When I was working for a chef from Milan in St. Paul, we had a popular appetizer that was a mixture of cultivated mushrooms cooked in cream, and finished with parsley, parmesan, and then poured into small cases of golden brown puff pastry. ‘The restaurant soon closed after I left to work for the former personal chef to the princess of Monaco, but I never forgot the mushrooms in puff pastry. I may revisit the puff pastry theme with mushrooms again in a “Vol Au Vent” form sometime, but for now, this version will due.
Often I find inspiration for new dishes through remembering things I was taught in the past or through perusing my library of archaic culinary literature. I thought it would be fun to make something like the dish we used to serve, but I was fresh out of puff pastry, I did have croissants though, and homemade ones at that. So I gently carved the insides out with a grapefruit spoon, and then proceeded to make a little ragout of morels, ramps, and nettles
This is a great way to use older croissants or another pastry that is just hanging out in your pantry or fridge. Using a fresh croissant would be very difficult here as they are delicate. Much better to use a slightly stale or day old croissant since it will hold up better, toast better, and retain the sauce.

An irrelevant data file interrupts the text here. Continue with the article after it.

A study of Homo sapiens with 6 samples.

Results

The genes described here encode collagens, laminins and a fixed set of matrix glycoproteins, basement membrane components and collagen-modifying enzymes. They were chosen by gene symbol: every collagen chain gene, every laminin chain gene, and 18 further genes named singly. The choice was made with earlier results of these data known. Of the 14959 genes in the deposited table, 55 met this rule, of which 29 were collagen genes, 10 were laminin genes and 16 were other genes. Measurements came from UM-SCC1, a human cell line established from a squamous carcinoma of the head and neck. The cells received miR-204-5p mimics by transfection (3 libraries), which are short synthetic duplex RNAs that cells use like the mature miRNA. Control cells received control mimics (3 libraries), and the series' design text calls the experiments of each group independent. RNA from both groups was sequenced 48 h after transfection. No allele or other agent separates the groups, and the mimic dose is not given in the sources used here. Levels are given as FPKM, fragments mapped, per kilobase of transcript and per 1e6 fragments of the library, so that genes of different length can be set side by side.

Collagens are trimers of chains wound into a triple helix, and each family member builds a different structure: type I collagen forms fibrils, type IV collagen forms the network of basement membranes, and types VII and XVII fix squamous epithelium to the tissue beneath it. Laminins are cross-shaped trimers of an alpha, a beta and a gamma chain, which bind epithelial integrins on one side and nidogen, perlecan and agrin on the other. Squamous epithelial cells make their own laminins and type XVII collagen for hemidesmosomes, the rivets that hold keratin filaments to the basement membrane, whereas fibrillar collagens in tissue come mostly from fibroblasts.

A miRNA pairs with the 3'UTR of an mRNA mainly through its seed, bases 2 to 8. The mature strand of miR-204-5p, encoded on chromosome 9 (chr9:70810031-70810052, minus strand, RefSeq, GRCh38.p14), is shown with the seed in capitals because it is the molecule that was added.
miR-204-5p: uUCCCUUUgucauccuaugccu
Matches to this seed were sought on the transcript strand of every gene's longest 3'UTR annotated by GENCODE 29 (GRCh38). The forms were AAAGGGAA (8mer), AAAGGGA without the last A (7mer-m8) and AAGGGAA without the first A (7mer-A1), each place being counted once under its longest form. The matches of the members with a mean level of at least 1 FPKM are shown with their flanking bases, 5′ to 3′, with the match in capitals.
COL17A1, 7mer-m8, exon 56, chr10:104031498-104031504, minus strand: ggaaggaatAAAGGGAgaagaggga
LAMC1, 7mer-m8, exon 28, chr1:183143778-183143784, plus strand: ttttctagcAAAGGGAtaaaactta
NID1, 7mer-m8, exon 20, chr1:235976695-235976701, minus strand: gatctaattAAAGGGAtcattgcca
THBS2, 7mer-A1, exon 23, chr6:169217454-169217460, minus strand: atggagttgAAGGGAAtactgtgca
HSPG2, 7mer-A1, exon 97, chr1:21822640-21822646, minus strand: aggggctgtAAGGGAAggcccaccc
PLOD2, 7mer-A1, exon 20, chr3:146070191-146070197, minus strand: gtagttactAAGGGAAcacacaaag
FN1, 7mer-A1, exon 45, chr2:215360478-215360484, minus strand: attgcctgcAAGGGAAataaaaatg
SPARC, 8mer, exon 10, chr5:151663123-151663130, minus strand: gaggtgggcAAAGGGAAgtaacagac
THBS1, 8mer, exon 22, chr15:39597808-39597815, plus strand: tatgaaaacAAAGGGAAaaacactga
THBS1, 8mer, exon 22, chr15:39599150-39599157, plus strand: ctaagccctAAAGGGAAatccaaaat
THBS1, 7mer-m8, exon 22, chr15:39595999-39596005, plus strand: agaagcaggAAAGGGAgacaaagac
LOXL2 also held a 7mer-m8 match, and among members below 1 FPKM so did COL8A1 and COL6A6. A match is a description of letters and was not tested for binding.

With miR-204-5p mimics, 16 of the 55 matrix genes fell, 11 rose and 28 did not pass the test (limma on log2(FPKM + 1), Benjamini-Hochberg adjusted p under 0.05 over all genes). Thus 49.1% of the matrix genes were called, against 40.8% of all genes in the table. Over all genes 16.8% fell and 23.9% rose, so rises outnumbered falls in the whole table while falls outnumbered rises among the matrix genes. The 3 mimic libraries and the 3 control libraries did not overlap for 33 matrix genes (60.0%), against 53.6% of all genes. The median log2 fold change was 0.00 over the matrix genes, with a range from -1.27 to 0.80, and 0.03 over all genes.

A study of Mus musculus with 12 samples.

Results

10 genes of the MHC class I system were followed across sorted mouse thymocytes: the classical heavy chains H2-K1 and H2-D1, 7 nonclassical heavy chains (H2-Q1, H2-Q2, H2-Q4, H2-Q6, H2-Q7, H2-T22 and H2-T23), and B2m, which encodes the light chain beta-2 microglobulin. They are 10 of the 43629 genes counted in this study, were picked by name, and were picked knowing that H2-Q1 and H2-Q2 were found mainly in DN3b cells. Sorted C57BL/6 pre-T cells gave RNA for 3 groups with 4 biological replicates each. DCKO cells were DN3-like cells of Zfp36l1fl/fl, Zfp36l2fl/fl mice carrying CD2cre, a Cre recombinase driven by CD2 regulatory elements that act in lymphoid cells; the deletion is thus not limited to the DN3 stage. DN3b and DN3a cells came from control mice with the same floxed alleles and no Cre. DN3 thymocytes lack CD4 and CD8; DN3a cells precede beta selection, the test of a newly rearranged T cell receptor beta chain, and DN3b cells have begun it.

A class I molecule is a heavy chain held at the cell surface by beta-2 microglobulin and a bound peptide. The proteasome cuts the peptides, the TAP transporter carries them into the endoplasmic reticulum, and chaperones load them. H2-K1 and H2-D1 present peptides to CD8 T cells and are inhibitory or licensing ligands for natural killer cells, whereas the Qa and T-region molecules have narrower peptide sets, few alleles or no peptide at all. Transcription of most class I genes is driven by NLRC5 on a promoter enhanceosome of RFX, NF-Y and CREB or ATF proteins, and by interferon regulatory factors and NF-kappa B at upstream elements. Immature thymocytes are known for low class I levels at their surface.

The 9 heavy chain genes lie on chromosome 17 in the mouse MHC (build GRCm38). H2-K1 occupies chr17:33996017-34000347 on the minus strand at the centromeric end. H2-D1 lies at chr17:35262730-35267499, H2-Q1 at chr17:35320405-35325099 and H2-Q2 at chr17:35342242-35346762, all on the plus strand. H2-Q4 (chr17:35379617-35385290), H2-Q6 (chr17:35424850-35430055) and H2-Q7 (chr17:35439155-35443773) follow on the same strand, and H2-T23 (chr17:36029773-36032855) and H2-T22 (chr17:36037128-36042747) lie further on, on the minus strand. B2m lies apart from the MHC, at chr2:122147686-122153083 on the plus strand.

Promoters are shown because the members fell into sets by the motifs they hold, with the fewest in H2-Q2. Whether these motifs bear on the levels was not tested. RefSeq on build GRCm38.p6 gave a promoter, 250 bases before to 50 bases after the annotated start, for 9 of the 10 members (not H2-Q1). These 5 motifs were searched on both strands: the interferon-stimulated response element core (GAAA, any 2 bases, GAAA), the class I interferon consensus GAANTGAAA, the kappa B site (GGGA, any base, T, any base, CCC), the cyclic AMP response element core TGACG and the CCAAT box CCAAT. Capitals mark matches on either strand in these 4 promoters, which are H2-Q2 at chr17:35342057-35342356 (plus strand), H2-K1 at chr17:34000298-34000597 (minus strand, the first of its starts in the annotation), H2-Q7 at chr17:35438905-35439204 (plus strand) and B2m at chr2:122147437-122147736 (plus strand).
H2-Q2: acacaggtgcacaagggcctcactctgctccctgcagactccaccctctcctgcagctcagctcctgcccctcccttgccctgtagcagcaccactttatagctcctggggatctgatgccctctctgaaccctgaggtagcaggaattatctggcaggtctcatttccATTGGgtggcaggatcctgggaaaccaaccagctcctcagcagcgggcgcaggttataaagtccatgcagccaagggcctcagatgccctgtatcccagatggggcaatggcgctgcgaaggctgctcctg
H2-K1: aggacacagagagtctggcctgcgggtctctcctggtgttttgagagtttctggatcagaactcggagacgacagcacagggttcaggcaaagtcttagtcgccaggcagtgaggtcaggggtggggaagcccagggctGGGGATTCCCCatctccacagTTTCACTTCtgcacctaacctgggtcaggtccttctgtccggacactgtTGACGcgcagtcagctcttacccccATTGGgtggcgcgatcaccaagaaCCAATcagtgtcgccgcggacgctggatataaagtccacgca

Croissant Stuffed With Morels, Ramps, And Nettles
Serves 4 people
- 4 croissants, preferably a day or two old
- 8 oz morels, whole or sliced in half
- 40z nettles blanched in boiling salted water, shocked in a cold water bath, and wrung/squeezed dry
- 1cup cup chicken stock, or water/vegetable stock if you prefer
- 1/4 cup dry white wine
- 3 tbsp butter
- 2 tbsp finely chopped shallots or ramps
- With a sharp knife or bread knife, slice the top 1/3 off of each croissant, make sure that the bottom is at least 1in deep , as you are going to hollow it out. Gently scrape away the inside of the croissant with a spoon, making sure not to break the edges or the sauce will come out.Toast the croissants in a 350 oven for about 8 minutes or until they are slightly crisp, but not overly crunchy or hard.
- Saute the shallots or ramps in a tsp of oil or butter until they are translucent, about 1 minute. Add the morels, a 1/4 tsp of salt and cook for a few minutes. When the morel liquid has evaporated, add the wine and reduce until the pan is almost dry. Add the stock and cook until this is reduced by half, then add the cold diced butter and continue heating, whisking constantly until the sauce is thickened slightly and creamy. Season to taste with salt and pepper, then add the chopped nettles just to heat them through.
- Finish by spooning each bottom of a croissant full of equal portions of the morels and nettles, drizzle as much sauce as possible on top of the morels in each croissant, then serve immediately.